The ability to accept payment on a website is a vital part of the internet sales process, but one that is fraught with danger for small firms. The trick, says Jo Faragher, is to research the options carefully
Did you know that on the ‘dark web’, the secret encrypted network, you can buy any number of individuals’ credit card details, complete with expiry dates and the crucial three numbers on the back, for a matter of dollars? Personal data, even log-ins for services such as Uber and Netflix, can command even more, according to security company Trend Micro.
Almost eight in 10 FSB members use the internet for selling, while 63 per cent use it to take payments, found a 2015 report by the FSB into digital adoption. So it’s crucial for members to be aware of the risks presented by transacting online – whether that’s theft of credit card details or theft of personal data.
Before signing up with a PSP, do your research. The market for these services providers has become increasingly competitive, and prices can vary considerably. You can choose from services offered by your bank, well-known names such as Worldpay – which provides FSB’s card payment processing offer – and PayPal, or a growing number of start-ups in this area. Choose a service provider that meets your needs, not just the one with the most attractive price point.
While card fraud is a real threat – fraud losses resulting from online card transactions totalled more than £260 million in 2015, according to Financial Fraud UK – it’s not the only aspect of trading online where small firms need to protect themselves. If a criminal steals personal data, you could end up facing an investigation by the Information Commissioner’s Office (ICO) or even a hefty fine.
Under the Data Protection Act, if you hold and process information about clients or suppliers, you are obliged to protect it and to be explicit about what you intend to do with it. From 2018, a European law known as the General Data Protection Regulations is being introduced, applying a potential penalty of 4 per cent of your company’s turnover if you don’t comply.
So it’s important not to get complacent about the security of your website just because you pay a service provider to process your payments. “As a payment gateway provider, it is our responsibility to build gateways that are secure and based on simple command structures,” says David Midgley, Head of Operations at Total Processing.
“However, ecommerce sites can further minimise the risk of a breach by ensuring their site is built securely and any application program interfaces can’t be easily infiltrated.”
One challenge of making transactions secure is ensuring customers’ experience of using your site is positive while protecting them from fraud and identity theft. This can be a difficult balancing act, says Ms John from Symantec. “People might not want to register or enter a password just to browse, but they tend to expect it when they purchase,” she says. You could use two-factor authentication, whereby a transaction requires something extra such as a one-off code. But bear in mind whether this adds or detracts from the customer’s ‘journey’ through the site, she adds.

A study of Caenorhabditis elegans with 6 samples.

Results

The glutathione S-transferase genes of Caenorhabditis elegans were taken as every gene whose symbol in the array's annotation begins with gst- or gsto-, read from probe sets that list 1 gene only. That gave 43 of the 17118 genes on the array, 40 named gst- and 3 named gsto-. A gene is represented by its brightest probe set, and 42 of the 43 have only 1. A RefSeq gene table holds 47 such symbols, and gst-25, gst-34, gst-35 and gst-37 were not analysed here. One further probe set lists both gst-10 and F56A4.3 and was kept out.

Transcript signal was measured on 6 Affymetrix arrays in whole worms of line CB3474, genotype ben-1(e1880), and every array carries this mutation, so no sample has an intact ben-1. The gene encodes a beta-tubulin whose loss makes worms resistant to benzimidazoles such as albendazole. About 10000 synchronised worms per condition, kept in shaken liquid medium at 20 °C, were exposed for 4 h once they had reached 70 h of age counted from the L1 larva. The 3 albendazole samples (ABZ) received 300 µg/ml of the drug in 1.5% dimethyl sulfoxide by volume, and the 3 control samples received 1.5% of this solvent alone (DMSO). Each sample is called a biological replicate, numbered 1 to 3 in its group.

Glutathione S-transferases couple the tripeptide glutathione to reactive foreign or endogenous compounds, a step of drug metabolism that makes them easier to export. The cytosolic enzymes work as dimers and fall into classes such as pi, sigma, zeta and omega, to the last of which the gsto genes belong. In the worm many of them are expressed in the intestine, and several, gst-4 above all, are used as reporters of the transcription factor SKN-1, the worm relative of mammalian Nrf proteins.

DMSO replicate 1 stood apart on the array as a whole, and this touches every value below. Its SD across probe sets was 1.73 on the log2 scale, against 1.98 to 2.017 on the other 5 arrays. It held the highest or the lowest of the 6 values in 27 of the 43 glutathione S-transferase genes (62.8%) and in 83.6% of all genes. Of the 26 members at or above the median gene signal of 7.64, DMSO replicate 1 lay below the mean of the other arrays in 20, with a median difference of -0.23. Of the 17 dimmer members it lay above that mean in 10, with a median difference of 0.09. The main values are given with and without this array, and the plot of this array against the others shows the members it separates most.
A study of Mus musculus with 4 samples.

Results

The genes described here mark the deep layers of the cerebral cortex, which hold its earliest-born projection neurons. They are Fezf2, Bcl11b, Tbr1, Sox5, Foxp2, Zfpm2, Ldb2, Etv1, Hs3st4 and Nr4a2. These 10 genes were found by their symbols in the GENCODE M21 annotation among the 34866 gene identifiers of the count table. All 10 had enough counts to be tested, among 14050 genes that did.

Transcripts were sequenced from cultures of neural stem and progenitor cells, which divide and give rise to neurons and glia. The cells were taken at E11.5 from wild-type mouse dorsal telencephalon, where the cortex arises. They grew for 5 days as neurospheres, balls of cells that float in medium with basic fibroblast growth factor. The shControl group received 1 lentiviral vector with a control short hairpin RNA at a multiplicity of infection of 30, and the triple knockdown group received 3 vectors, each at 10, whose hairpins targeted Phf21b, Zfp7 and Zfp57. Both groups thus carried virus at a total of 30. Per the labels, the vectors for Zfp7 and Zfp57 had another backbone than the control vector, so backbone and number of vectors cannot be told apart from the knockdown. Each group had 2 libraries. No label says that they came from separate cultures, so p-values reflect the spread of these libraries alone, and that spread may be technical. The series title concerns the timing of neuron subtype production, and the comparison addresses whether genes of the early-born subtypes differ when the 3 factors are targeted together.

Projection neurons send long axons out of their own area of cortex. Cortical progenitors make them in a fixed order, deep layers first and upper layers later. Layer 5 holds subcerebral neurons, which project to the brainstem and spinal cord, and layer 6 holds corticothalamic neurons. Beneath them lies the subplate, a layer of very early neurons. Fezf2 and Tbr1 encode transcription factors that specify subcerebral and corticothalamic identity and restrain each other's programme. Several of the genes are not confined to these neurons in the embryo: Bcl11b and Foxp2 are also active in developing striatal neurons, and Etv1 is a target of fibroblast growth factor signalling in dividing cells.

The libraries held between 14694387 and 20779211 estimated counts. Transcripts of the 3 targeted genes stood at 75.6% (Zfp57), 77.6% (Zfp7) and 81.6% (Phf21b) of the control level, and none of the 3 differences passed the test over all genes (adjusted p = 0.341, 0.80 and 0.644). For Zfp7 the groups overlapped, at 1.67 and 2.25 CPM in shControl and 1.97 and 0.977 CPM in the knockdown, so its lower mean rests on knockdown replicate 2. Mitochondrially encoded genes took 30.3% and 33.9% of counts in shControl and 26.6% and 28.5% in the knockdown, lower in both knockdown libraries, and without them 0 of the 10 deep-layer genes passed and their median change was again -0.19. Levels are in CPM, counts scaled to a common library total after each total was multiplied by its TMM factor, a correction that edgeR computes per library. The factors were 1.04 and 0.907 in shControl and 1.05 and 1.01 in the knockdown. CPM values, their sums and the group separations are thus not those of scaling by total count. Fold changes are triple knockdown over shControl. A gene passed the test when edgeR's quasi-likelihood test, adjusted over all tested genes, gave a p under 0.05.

Some websites allow consumers to log in using their social media accounts such as Google or Facebook, but not everyone trusts these routes because of privacy concerns, so it’s important to offer an alternative. A new option for those looking to have an online presence but without having to maintain a site is FSB Marketplace, a secure online selling portal where members can sell to both members and non-members. Register at fsbmarketplace.co.uk
Cybercriminals and fraudsters are increasingly focusing their efforts on smaller businesses because they perceive them to be less secure, according to James Frost, UK Chief Marketing Officer for Worldpay, which runs card processing services for FSB members (see fsb.org.uk/benefits for more information).
Its survey found that data breaches increased by 144 per cent for small firms in 2015, with the majority of problems traced back to small businesses hosting their own payment pages.
“These businesses are leaving themselves vulnerable to cyber-attacks,” says Mr Frost. “Fraudsters are also increasingly keen to exploit so-called ‘cardholder not present’ opportunities online, which typically represent a softer target than in-store transactions.”
Some of the signs of potential online payment fraud include:
Shopper fails address verification (AVS), CVV or 3D-Secure checks
Multiple purchases of the same and/or high value items
Inconsistencies in purchase data – for example a UK billing address but US card and French IP address
Multiple declines relating to the same email address, billing/delivery address or cardholder name
Unusual foreign card use
Delivery address is in a different country from the billing address
Failing to take steps to stop fraud could be costly, warns Mr Frost: “Data breaches could lead to industry fines and clean-up costs, while fraud usually results in chargebacks and the cost of items that have been purchased fraudulently, not to mention the potential impact of an attack on your brand and customer loyalty.”